Infection with a Babesia-like organism in Northern California

D. H. Persing, B. L. Herwaldt, C. Glaser, R. S. Lane, J. W. Thomford, D. Mathiesen, Patricia A Conrad, D. F. Phillip, P. A. Conrad


Background. Human babesiosis is a tick-transmitted zoonosis associated with two protozoa of the family Piroplasmorida: Babesia microti (in the United States) and B. divergens (in Europe). Recently, infection with an unusual babesia-like piroplasm (designated WA1) was described in a patient from Washington State. We studied four patients in California who were identified as being infected with a similar protozoal parasite. All four patients had undergone splenectomy, two because of trauma and two for other medical reasons. Two of the patients had complicated courses, and one died. Methods. Piroplasm-specific nuclear small-subunit ribosomal DNA was recovered from the blood of the four patients by amplification with the polymerase chain reaction. The genetic sequences were compared with those of other known piroplasm species. Indirect immunofluorescent-antibody testing of serum from the four patients and from other potentially exposed persons was performed with WA1 and babesia antigens. Results. Genetic sequence analysis showed that the organisms from all four patients were nearly identical. Phylogenic analysis showed that this strain is more closely related to a known canine pathogen (B. gibsoni) and to theileria species than to some members of the genus babesia. Serum from three of the patients was reactive to WA1 but not to B. microti antigen. Serologic testing showed WA1-antibody seroprevalence rates of 16 percent (8 of 51 persons at risk) and 3.5 percent (4 of 115) in two geographically distinct areas of northern California. Conclusions. A newly identified babesia-like organism causes infections in humans in the western United States. The clinical spectrum associated with infection with this protozoan ranges from asymptomatic infection or influenza-like illness to fulminant, fatal disease.

Original languageEnglish (US)
Pages (from-to)298-303
Number of pages6
JournalNew England Journal of Medicine
Volume332
Issue number5
DOIs
StatePublished - 1995

Infection
Babesia microti
Protozoan Infections
Theileria
Babesiosis
Antigens
Asymptomatic Infections
Antibodies
Seroepidemiologic Studies
Zoonoses
Ticks
Splenectomy
Ribosomal DNA
Serum
Human Influenza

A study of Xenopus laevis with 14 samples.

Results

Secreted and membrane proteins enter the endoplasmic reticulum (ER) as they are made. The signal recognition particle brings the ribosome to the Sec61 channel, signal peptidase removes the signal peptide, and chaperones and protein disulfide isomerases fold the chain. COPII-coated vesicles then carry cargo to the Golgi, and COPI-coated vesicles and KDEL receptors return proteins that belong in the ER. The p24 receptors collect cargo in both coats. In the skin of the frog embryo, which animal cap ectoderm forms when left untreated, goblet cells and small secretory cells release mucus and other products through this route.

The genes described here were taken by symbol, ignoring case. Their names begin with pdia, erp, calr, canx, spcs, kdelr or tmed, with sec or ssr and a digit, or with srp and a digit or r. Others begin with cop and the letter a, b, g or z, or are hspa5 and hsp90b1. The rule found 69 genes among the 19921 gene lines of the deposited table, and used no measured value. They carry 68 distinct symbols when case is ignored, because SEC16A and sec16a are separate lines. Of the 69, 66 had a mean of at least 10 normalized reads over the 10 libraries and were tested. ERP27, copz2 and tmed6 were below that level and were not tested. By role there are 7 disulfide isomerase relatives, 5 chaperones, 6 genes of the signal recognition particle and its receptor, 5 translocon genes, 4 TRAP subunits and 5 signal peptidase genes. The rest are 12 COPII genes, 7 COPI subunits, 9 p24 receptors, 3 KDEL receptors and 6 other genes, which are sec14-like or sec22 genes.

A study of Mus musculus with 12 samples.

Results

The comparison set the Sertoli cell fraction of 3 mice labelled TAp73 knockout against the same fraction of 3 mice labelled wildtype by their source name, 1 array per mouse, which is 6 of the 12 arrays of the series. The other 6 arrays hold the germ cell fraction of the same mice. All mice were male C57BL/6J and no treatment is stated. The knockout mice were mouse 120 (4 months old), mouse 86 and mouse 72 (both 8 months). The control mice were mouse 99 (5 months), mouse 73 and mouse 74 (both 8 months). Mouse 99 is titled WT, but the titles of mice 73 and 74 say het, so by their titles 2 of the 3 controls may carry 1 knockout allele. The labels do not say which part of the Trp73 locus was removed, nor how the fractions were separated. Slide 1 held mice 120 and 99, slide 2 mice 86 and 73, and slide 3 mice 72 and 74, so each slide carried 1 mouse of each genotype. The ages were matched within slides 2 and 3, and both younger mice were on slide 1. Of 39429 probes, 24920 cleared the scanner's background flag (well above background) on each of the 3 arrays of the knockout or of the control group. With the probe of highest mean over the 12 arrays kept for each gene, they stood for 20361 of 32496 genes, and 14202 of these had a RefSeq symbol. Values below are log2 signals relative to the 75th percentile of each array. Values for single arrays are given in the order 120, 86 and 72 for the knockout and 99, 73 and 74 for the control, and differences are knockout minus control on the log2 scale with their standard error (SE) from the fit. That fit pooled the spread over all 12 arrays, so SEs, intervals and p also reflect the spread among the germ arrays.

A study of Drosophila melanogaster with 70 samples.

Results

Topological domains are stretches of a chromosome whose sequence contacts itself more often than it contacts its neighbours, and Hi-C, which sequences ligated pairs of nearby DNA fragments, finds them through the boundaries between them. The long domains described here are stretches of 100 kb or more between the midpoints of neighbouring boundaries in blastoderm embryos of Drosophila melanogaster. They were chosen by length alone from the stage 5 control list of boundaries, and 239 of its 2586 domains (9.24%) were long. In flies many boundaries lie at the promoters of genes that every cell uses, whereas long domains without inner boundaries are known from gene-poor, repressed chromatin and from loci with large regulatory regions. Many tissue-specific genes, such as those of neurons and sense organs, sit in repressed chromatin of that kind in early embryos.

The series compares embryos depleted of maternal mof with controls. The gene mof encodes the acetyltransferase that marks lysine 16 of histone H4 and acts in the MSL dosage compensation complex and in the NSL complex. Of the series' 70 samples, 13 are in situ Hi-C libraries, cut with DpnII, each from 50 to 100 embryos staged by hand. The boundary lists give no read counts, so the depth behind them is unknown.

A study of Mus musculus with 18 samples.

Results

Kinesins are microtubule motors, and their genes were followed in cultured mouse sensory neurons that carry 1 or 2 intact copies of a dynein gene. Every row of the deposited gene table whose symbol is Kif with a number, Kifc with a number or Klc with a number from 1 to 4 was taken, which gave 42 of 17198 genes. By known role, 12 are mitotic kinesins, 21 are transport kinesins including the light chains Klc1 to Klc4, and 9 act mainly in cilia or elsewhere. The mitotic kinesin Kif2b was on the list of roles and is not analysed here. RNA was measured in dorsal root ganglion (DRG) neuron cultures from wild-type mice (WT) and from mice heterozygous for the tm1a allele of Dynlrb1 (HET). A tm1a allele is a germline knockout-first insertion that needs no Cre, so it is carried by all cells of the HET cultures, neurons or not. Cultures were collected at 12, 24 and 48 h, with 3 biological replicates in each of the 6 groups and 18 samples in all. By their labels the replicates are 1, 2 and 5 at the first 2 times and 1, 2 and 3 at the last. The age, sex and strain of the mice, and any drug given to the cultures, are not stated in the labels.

Sequence Analysis
Canidae
Parasites
Polymerase Chain Reaction

ASJC Scopus subject areas

  • Medicine(all)

Cite this

Persing, D. H., Herwaldt, B. L., Glaser, C., Lane, R. S., Thomford, J. W., Mathiesen, D., ... Conrad, P. A. (1995). Infection with a Babesia-like organism in Northern California. New England Journal of Medicine, 332(5), 298-303. https://doi.org/10.1056/NEJM199502023320504

Infection with a Babesia-like organism in Northern California. / Persing, D. H.; Herwaldt, B. L.; Glaser, C.; Lane, R. S.; Thomford, J. W.; Mathiesen, D.; Conrad, Patricia A; Phillip, D. F.; Conrad, P. A.

In: New England Journal of Medicine, Vol. 332, No. 5, 1995, p. 298-303.

Research output: Contribution to journalArticle

Persing, DH, Herwaldt, BL, Glaser, C, Lane, RS, Thomford, JW, Mathiesen, D, Conrad, PA, Phillip, DF & Conrad, PA 1995, 'Infection with a Babesia-like organism in Northern California', New England Journal of Medicine, vol. 332, no. 5, pp. 298-303. https://doi.org/10.1056/NEJM199502023320504
Persing DH, Herwaldt BL, Glaser C, Lane RS, Thomford JW, Mathiesen D et al. Infection with a Babesia-like organism in Northern California. New England Journal of Medicine. 1995;332(5):298-303. https://doi.org/10.1056/NEJM199502023320504
Persing, D. H. ; Herwaldt, B. L. ; Glaser, C. ; Lane, R. S. ; Thomford, J. W. ; Mathiesen, D. ; Conrad, Patricia A ; Phillip, D. F. ; Conrad, P. A. / Infection with a Babesia-like organism in Northern California. In: New England Journal of Medicine. 1995 ; Vol. 332, No. 5. pp. 298-303.

AU - Mathiesen, D.

AU - Conrad, Patricia A

AU - Phillip, D. F.


AB - Background. Human babesiosis is a tick-transmitted zoonosis associated with two protozoa of the family Piroplasmorida: Babesia microti (in the United States) and B. divergens (in Europe). Recently, infection with an unusual babesia-like piroplasm (designated WA1) was described in a patient from Washington State. We studied four patients in California who were identified as being infected with a similar protozoal parasite. All four patients had undergone splenectomy, two because of trauma and two for other medical reasons. Two of the patients had complicated courses, and one died. Methods. Piroplasm-specific nuclear small-subunit ribosomal DNA was recovered from the blood of the four patients by amplification with the polymerase chain reaction. The genetic sequences were compared with those of other known piroplasm species. Indirect immunofluorescent-antibody testing of serum from the four patients and from other potentially exposed persons was performed with WA1 and babesia antigens. Results. Genetic sequence analysis showed that the organisms from all four patients were nearly identical. Phylogenic analysis showed that this strain is more closely related to a known canine pathogen (B. gibsoni) and to theileria species than to some members of the genus babesia. Serum from three of the patients was reactive to WA1 but not to B. microti antigen. Serologic testing showed WA1-antibody seroprevalence rates of 16 percent (8 of 51 persons at risk) and 3.5 percent (4 of 115) in two geographically distinct areas of northern California. Conclusions. A newly identified babesia-like organism causes infections in humans in the western United States. The clinical spectrum associated with infection with this protozoan ranges from asymptomatic infection or influenza-like illness to fulminant, fatal disease.